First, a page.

Ethiopian PM Abiy Ahmed wins Nobel Peace Prize as Sweden’s Greta Thunberg misses out

Ethiopian Prime Minister Abiy Ahmed was on Friday awarded the Nobel Peace Prize for his efforts to resolve his country's conflict with bitter foe Eritrea, the Nobel Committee said.

Ethiopian PM Abiy Ahmed wins Nobel Peace Prize as Sweden's Greta Thunberg misses out
Chairwoman of the Norwegian Nobel Peace Prize Committee Berit Reiss-Andersen announces the 2019 laureate. Photo: Stian Lysberg Solum / TT

Abiy was honoured “for his efforts to achieve peace and international cooperation, and in particular for his decisive initiative to resolve the border conflict with neighbouring Eritrea,” the jury said.

The announcement of Abiy as this year’s Peace laureate was made in Oslo on Friday morning.

The award of the honour to Abiy means that Swedish teenager Greta Thunberg, who had been the bookmaker’s favourite to receive the honour, misses out.

In a little more than a year, the young climate activist has galvanised millions of young people around the world to take part in demonstrations to raise awareness for action on climate change.

But the Nobel Committee opted to give the peace honour to Abiy, who has had a major impact on resolving regional conflict.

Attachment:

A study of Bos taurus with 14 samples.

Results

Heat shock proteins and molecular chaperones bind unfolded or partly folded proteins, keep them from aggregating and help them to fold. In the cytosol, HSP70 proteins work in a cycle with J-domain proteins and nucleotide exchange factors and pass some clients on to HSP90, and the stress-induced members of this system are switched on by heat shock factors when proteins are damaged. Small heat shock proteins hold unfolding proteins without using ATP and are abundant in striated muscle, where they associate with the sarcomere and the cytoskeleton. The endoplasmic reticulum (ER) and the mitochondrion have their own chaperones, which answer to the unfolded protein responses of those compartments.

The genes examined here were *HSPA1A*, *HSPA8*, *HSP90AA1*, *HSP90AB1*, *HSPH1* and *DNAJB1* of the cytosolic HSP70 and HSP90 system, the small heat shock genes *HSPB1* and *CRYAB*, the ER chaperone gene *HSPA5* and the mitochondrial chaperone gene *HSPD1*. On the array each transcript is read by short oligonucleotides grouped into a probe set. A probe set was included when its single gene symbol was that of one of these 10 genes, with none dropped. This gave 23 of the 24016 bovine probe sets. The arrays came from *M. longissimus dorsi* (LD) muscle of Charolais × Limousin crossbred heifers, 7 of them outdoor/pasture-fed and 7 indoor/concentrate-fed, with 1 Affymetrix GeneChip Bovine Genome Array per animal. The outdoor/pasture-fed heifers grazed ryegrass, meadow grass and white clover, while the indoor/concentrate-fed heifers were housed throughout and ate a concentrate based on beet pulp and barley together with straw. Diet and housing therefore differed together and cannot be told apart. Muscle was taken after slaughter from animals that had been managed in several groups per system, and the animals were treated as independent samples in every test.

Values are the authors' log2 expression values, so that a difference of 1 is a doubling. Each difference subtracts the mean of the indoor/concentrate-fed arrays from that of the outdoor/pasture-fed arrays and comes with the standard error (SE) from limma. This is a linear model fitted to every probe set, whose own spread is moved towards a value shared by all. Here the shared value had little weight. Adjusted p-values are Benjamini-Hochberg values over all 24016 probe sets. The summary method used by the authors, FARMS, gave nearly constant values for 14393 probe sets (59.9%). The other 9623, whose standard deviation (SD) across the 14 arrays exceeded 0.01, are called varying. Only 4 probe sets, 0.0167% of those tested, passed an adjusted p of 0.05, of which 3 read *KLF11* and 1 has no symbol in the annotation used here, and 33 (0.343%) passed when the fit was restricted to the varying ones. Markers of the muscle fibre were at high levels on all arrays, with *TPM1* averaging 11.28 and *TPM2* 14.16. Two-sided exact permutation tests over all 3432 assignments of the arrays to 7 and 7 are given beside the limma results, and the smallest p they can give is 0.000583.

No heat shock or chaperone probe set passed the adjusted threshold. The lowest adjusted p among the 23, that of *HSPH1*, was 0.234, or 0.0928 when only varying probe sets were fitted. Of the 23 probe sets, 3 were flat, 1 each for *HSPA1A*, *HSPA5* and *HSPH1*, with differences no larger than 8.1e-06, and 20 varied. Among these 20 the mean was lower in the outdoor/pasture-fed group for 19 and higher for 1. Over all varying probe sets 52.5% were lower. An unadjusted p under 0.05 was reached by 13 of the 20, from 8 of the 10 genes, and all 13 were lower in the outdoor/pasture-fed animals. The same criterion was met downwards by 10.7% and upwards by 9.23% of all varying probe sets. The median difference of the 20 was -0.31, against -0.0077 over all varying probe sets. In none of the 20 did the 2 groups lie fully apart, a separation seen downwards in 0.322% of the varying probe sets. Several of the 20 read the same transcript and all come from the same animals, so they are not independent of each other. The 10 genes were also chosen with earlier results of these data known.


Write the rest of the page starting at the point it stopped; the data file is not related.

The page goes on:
In an interview with Swiss broadcaster RTS in August, Thunberg stressed that while the award would be “a recognition for this movement,” she and her supporters weren't “doing this to get awards and prizes.”

READ ALSO: Greta Thunberg unlikely to win Nobel Peace Prize despite good odds, experts say

NOBEL PRIZE

Tanzanian-born novelist Abdulrazak Gurnah wins Nobel Literature Prize

Tanzanian-born novelist Abdulrazak Gurnah on Thursday won the Nobel Literature Prize, the Swedish Academy said.

Tanzanian-born novelist Abdulrazak Gurnah wins Nobel Literature Prize
A copy of Andulrazak Gurnah's book on the stands at the Swedish Academy on Thursday. Photo: Jonathan Nackstrand/AFP

Gurnah, who grew up on the island of Zanzibar, but who arrived in England as a refugee at the end of the 1960s, was honoured “for his uncompromising and compassionate penetration of the effects of colonialism and the fate of the refugee in the gulf between cultures and continents.”